There are 889,219 people in New York City living with a disability, according to the Center for Independence of the Disabled, New York, a local disability advocacy group. Many of these people rely on disability benefits, such as those from the Social Security Administration (SSA). If you’re considering applying for benefits, you probably have a lot of questions, like, “Do I even need an attorney?”

You do not have to hire an attorney to help you with your application for Social Security disability benefits. But you are certainly entitled to do so, and may benefit from hiring a lawyer at any stage of the application and/or appeals process.

Attorneys understand what medical records you need to submit to SSA to prove you are disabled. They can also help you prepare for and go through the appeals process. This includes handling your reconsideration request if your initial application is denied, and helping you as your case goes before an Administrative Law Judge (ALJ).

What is the Social Security disability process?

First applicants gather medical records and submit an initial application. SSA reviews the records and application to determine if the applicant is indeed disabled and meets the requirements for Social Security disability benefits.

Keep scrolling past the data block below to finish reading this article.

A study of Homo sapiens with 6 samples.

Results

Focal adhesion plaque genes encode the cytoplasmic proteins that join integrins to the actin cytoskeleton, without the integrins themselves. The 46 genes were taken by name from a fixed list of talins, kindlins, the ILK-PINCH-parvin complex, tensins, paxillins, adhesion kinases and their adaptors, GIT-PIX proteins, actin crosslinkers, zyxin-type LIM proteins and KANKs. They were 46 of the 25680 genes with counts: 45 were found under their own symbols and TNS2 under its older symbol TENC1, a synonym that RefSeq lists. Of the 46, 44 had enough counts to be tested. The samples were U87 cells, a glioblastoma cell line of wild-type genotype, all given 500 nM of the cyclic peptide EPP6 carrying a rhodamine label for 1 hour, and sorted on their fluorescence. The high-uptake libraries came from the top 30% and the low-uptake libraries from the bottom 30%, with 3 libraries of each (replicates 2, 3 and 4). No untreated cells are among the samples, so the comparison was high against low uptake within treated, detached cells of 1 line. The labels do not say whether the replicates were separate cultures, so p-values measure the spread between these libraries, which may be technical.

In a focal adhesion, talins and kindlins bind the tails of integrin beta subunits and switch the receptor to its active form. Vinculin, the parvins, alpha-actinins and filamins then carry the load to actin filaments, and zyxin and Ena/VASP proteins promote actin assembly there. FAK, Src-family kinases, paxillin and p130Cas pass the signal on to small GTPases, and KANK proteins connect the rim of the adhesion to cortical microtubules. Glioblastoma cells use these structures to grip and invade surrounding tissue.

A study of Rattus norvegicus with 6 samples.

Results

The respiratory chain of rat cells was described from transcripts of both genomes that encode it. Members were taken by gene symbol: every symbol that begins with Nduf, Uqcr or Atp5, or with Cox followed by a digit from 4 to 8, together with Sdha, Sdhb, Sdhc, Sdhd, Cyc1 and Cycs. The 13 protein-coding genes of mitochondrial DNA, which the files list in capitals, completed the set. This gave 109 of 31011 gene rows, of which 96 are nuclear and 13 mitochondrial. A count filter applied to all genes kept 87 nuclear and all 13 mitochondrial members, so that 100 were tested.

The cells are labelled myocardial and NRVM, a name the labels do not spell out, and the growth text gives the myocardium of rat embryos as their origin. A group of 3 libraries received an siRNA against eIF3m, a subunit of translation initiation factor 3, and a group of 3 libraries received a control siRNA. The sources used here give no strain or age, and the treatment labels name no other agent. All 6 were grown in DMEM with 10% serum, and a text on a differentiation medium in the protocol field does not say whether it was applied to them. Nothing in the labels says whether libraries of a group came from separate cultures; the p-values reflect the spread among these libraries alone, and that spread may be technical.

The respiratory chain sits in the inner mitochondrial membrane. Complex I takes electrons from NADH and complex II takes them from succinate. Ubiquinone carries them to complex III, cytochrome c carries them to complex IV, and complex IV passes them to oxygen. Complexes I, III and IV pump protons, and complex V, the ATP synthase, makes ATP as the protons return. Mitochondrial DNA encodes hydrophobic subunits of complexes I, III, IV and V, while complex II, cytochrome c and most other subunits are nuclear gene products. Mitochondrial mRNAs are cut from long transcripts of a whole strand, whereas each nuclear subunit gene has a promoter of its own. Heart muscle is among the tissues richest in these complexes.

If denied, applicants can request reconsideration, where another SSA staff member will review the application and decide if the applicant qualifies. If still denied after this step, the applicant may appeal for a hearing with an ALJ – it is at this stage that many applicants seek help from a lawyer, though many also benefit from seeking help before submitting an application and upon reconsideration.

How can an attorney help prepare for the ALJ hearing?

Hiring an attorney can make sure your initial application is handled appropriately with proper documentation and all required records are included. Your attorney can then submit your request for reconsideration and then request a hearing with the ALJ.

At disability appeals hearings, you may be asked various questions about your ability to perform work – your previous duties as well as any other duties. When you hire an attorney to help you, he or she will assist you in preparing for the hearing. Your attorney will inform you of the questions you might face and can help you better understand what to expect during the process.

Your attorney can help you request any medical records you need for the hearing and can request your treating physicians provide opinions of your condition and ability to perform any work duties. Your attorney may also question any vocational experts presented by the SSA regarding your ability to work.

Without an attorney, it can be difficult for SSD applicants to compile all the relevant documentation required and question the vocational expert regarding their ability to work.

Who represents the government?

Social Security hearings are not adversarial hearings, so technically no one represents the government. There are many people that look after the government’s interests, however. Hiring a lawyer to represent you during the hearing and appeals process – or even much earlier in the application process in some cases – can help you ensure you are properly represented throughout the application process.